Pope said that Prison Industries, which is used by Calhoun County, is the most cost effective. He said the first streets on which the signs to be replaced will be Bridge Street and Harry C. Raysor Drive, since they are the first that are seen by people coming into town.

Pope also said that the town is trying to get bids for a roof replacement for a building near the water tank.

In other business:

• St. Matthews Police Department reported the following for March: two motor vehicle accidents, two assaults, one burglary, two driving under suspension arrests, one shoplifting arrest, 34 traffic tickets; one EMS assist and two assists to the Calhoun County Sheriff's Office.

• St. Matthews Fire Department reported the following: eight total calls, one building fire; one brush fire, three EMS assists and two motor vehicle accidents.

• Calhoun County Library Director Kristen Simensen informed talked about the Purple Martin Festival held April 6. She thanked Councilwoman Linda Archie-Simmons for her assistance with the preparations for the festival and thanked the town for its assistance and support.

Simensen emphasized that the Calhoun County Library participated in staging the event but was not the sponsor of the festival. She said that 59 vendors participated.

• During public comments, town resident Stack Riley said that he had asked questions at last month's meeting and received no answers.

“It feels like I was ignored,” Riley said.

He asked if the current town administrator, Milton Pope, is a permanent or temporary hire. He also asked about the town employees who are being affected by the town contracting with Waste Management for garbage collection. He wanted to know if they are being retained in another position with the town or if they will be terminated and required to reapply for a position.

• Mayor Helen Peterson said that Dominion Energy has a program that provides help with energy costs to low-income customers. She also mentioned the White Cross program, which ensures electrical service to clients who use medical equipment.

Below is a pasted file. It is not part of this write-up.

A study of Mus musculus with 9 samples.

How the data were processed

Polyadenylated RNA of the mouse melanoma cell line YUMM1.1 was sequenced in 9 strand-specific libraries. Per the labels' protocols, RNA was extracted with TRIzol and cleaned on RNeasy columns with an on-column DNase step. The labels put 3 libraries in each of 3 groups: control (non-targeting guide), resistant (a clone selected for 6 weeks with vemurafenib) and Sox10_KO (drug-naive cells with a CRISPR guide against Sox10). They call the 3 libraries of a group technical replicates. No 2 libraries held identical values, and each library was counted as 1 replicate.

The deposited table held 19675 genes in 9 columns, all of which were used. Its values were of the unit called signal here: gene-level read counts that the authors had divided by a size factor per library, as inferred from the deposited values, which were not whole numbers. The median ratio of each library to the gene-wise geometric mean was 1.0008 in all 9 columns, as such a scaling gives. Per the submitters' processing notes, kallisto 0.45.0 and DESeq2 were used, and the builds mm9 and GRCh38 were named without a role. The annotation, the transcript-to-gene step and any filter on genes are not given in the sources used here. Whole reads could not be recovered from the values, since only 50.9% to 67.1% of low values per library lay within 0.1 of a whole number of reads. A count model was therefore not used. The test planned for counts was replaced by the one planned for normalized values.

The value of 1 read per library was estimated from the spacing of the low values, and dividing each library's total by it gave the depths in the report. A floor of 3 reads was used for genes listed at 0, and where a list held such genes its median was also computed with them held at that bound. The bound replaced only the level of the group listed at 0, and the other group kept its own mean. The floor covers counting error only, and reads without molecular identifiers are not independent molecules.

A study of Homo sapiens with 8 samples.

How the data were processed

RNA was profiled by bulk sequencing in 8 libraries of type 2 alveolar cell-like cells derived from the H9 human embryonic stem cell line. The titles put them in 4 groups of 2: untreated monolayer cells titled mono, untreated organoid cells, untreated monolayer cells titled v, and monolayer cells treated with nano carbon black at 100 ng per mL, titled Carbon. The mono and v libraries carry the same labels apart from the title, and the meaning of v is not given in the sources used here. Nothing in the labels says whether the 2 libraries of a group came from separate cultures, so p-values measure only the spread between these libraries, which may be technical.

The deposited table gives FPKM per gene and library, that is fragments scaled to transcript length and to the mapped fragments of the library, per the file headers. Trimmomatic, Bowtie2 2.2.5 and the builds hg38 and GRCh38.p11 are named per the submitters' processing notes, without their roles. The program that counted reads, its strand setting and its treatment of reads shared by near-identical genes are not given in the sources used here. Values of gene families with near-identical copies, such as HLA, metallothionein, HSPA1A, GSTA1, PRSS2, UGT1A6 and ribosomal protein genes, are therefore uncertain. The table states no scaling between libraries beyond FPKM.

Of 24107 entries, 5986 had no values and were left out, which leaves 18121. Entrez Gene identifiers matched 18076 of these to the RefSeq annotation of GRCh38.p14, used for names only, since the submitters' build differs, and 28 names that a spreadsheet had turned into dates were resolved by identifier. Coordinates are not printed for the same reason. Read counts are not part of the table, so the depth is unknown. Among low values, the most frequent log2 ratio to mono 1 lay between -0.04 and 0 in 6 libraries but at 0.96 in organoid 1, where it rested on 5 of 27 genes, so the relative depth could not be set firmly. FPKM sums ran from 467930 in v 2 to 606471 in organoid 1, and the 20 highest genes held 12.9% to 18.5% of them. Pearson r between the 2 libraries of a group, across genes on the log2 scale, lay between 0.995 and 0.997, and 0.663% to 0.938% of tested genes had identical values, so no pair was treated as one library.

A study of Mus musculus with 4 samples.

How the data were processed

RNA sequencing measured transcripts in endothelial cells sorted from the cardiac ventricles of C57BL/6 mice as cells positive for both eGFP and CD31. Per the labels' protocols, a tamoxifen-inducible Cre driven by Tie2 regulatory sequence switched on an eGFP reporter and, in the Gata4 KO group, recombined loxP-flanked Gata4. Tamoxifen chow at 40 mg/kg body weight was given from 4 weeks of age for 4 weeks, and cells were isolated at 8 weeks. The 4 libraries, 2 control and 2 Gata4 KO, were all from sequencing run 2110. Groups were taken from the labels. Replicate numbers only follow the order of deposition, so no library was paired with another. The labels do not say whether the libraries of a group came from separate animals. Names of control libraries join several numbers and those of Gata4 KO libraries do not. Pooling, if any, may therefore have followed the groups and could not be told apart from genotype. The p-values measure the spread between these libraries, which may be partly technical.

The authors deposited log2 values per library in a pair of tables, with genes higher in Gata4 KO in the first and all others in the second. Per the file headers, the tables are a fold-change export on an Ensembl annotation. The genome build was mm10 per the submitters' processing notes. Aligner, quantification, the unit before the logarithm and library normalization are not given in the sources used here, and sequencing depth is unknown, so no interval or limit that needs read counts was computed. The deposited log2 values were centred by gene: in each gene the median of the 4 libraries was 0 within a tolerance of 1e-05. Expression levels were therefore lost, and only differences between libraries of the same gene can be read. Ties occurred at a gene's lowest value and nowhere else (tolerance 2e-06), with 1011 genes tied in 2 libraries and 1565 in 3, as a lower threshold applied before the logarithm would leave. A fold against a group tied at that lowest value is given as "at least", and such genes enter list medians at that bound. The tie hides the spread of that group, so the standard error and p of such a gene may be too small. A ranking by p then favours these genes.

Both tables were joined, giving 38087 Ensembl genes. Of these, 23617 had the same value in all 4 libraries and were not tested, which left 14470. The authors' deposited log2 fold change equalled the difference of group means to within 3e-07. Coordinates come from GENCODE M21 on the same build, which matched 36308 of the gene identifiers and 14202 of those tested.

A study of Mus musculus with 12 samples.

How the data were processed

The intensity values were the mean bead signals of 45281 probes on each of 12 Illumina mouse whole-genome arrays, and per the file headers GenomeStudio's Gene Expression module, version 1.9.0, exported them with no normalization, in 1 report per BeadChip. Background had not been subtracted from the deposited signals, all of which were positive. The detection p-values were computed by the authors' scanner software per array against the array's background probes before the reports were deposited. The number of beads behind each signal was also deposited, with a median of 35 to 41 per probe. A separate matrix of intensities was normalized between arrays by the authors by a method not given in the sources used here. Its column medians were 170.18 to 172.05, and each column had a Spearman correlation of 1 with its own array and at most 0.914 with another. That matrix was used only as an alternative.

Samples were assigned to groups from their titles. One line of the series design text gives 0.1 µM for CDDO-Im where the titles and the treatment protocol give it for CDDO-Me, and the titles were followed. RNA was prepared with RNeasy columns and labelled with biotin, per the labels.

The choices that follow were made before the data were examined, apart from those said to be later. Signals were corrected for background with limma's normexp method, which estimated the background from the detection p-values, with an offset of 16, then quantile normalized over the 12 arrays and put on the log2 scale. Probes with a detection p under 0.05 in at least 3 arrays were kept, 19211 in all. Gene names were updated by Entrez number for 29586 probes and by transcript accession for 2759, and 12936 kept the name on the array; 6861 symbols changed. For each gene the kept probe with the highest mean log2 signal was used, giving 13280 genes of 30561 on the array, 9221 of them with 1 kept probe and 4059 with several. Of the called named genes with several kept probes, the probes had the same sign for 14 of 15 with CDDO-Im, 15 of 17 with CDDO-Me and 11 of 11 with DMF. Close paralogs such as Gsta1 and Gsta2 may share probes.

• Under old business, Pope addressed the Nuisance and Abatement Ordinance, which deals with neglected and dilapidated properties in the city limits. Pope said there will be a “ramp-up time” of this pilot program before it becomes effective, and the town is trying to partner with others to make it more effective. He also said that prior to implementing the garbage contract, letters have been sent to all customers and a public hearing will be held within the next two weeks.

• Pope reported that the Planning Commission update will be available next month.

He said that fund from the county’s penny sales tax will be available for capital projects in July. The town is expected to receive $1.8 million.

Pope said that Windstream Communications has filed for bankruptcy, but by law, the town will be required maintain services.

He also reported that town has been talking to CSX Railroad about the vegetation in the railroad cut and was informed that CSX is just a user of the tracks, which actually belong to Norfolk Southern Railroad. The town will have to contact the company, he said.

• Council went into closed, executive Session to consider a personnel matter concerning the sanitation contract, a S.C. Law Enforcement Division investigation and the state surplus contract.

No action was taken after returning to open session.